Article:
I’m finally recovered after EMS EXPO in Atlanta. This year’s EXPO was really amazing. Several outstanding new products were introduced. The first company to catch my eye was Thornhill Research. Thornhill was demonstrating two very exciting new products, one entering clinical trials and the other pending FDA clearance.
The first device is the ClearMate™, an innovative new treatment for CO poisoning. The ClearMate™ eliminates CO by hyperventilation. It delivers oxygen while infusing in CO2 to prevent a drop in brain blood flow typically brought on by hyperventilation. This device is perhaps the first new treatment for CO poisoning in over 100 years. I could easily see it quickly becoming a standard of care.
Thornhill also displayed MOVES™, which is perhaps the most sophisticated multi-parameter monitor and mobile treatment system ever devised. It is of obvious military heritage, delivering an impressive variety of functions in a very compact and rugged form factor. The MOVES™ monitors ECG, SAO2, ETCO2, temperature, and invasive and non-invasive blood pressures. It has a built-in ventilator, which is supplied by a built-in oxygen concentrator. Pressurized oxygen tanks are a huge liability in the tactical theater, and this device does away with the need for them.
I watched while the MOVES™ concentrator delivered almost 50 percent O2 instantly from room air, and it can deliver even more. It can even recycle expired oxygen from the ventilator, to push the FIO2 as high as 87 percent. This thing is truly the next step in integrated therapy. It was one of the most impressive new products at EMS Expo this year.
The basic concept is not entirely new. The LSTAT was a life support litter or “tube” developed about 10 years ago that contained all the typical critical care treatment and monitoring devices, but in a device that was too heavy for practical use. Everything was tied together with the wireless technology of the day. The theory was that physicians somewhere in a basement at Walter Reed could remotely monitor and even adjust treatment for soldiers inbound by air transport. Its successor is a suitcase-sized intensive care unit called the MEDEX 1000, today manufactured by Integrated Medical Systems.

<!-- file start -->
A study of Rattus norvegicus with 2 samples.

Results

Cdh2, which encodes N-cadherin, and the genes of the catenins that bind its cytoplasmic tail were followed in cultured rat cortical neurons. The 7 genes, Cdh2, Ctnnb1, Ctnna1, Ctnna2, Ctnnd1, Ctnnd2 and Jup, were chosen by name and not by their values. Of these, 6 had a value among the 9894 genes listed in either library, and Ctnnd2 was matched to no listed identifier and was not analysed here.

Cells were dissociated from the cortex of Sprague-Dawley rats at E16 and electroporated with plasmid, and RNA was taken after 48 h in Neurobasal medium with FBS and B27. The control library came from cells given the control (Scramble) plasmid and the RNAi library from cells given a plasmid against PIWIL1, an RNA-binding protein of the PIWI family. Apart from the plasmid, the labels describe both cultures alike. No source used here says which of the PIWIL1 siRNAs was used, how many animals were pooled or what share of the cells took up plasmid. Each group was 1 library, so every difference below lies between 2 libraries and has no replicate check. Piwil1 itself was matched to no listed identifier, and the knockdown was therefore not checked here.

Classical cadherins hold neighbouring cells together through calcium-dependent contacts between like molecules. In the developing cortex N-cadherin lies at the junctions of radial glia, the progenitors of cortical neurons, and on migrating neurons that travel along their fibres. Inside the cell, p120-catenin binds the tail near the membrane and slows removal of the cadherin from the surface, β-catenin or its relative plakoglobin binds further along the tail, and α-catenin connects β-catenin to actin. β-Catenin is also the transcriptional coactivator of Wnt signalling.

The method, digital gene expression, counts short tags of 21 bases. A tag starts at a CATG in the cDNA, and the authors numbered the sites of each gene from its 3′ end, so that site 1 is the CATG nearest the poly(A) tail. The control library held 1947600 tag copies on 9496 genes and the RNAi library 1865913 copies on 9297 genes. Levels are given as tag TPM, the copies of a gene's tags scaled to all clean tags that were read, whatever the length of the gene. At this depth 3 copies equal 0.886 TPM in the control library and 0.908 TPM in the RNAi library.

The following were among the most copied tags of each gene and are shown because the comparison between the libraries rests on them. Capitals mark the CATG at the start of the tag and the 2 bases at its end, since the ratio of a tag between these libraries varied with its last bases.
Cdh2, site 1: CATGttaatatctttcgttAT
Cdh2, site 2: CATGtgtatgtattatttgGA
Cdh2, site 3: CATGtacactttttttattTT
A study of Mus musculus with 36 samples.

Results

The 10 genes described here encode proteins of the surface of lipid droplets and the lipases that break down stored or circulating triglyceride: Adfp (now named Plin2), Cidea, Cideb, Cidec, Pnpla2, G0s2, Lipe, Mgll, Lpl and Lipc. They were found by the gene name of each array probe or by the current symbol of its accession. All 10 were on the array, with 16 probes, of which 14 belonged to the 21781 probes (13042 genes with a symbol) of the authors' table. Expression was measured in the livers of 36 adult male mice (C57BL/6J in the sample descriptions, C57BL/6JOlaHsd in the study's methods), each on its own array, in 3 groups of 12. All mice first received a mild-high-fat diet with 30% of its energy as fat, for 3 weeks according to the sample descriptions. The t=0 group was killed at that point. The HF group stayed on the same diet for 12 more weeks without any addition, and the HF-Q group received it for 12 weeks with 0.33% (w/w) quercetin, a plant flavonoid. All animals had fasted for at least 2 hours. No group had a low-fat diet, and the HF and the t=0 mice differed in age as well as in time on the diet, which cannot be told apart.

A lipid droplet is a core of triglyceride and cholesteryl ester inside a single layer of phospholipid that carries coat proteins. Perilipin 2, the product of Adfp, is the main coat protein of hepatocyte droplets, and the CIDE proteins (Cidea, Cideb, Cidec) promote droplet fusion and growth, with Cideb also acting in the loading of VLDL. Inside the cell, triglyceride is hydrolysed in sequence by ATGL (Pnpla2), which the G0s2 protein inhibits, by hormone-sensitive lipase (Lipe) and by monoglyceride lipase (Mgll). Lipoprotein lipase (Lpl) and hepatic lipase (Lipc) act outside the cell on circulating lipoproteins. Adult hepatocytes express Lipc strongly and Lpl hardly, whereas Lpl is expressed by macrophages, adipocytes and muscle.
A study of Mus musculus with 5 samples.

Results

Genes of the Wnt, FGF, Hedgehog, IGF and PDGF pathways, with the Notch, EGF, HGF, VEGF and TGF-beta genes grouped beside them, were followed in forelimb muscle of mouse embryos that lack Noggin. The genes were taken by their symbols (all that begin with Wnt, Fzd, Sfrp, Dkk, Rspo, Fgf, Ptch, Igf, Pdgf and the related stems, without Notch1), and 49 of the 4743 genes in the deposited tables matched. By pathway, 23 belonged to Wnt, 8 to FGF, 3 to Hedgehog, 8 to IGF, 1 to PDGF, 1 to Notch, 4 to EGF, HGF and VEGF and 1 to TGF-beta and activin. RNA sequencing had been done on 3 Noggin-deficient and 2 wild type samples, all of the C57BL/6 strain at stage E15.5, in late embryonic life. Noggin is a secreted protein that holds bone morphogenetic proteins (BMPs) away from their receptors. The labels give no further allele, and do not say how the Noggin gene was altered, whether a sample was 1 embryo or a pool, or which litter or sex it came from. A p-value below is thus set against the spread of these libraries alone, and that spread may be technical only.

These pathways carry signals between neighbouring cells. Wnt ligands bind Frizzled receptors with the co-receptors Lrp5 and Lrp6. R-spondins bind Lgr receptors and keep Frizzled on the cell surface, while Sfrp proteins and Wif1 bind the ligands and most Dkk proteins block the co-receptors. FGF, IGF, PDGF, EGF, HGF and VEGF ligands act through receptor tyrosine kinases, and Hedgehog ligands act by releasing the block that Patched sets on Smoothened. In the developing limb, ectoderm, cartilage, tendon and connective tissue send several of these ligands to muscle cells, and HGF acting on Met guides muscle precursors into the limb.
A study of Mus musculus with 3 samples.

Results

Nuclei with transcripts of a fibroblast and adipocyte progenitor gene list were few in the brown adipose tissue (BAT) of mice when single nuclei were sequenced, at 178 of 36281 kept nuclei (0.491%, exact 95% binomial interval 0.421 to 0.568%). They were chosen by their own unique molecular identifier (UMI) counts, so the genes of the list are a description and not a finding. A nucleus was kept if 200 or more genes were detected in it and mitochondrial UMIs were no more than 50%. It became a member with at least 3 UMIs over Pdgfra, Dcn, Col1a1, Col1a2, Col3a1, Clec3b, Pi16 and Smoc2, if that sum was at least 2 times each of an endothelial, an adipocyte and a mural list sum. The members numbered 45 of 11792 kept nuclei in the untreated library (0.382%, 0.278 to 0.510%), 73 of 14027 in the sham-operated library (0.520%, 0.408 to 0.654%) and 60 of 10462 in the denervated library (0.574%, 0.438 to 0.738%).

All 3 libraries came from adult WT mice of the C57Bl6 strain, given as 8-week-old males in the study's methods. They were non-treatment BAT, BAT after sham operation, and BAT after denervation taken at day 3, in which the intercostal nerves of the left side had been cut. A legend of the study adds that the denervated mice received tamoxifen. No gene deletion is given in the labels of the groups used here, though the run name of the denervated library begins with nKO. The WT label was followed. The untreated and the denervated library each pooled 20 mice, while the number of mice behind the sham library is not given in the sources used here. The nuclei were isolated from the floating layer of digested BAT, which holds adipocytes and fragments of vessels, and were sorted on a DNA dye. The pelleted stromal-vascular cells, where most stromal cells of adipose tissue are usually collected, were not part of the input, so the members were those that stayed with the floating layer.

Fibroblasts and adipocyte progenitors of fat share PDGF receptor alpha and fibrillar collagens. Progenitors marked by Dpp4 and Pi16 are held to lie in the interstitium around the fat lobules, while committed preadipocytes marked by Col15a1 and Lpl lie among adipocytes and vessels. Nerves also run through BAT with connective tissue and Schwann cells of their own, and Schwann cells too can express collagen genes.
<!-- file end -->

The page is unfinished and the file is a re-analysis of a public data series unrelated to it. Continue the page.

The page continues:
During every armed conflict, EMS technology goes through a spasm of intense development. With each new war, we get a sudden influx of new treatments pioneered on the battlefield. I believe systems like the MOVES™ and MEDEX 1000 will become commercially viable for use by paramedics. During peacetime, EMS will be the market that needs them the most. For complete coverage of the Hot New Products at EMS EXPO in Atlanta this year, click here.
We also introduced the Truview PCD to Jamie Davis of the ProMed Network & the Medicast. Many of the internet’s top EMS bloggers, videographers, and podcasters were streaming live from the conference floor. For more, check out all the coverage at EMS1.com, Public Safety Events, or EMS EXPO Live.
I got my first chance to lecture at a National EMS Conference. I taught a class on EMS CPAP, and brought all the different competing vendors into one room. I was able to find a nice lady named April at AirGas, who got plenty of portable oxygen bottles to the convention center on time. Afterwards, I went through all my lecture reviews from attendees. While they were mostly very positive, I did get some sobering yet constructive criticism.
Two people said I read from the PowerPoint slides too much – which was true. I confess I was more than just a little nervous, and relied on the text too much. I hope I get another chance to do a better job next time. It was very exciting and added a whole new dimension to working at a conference.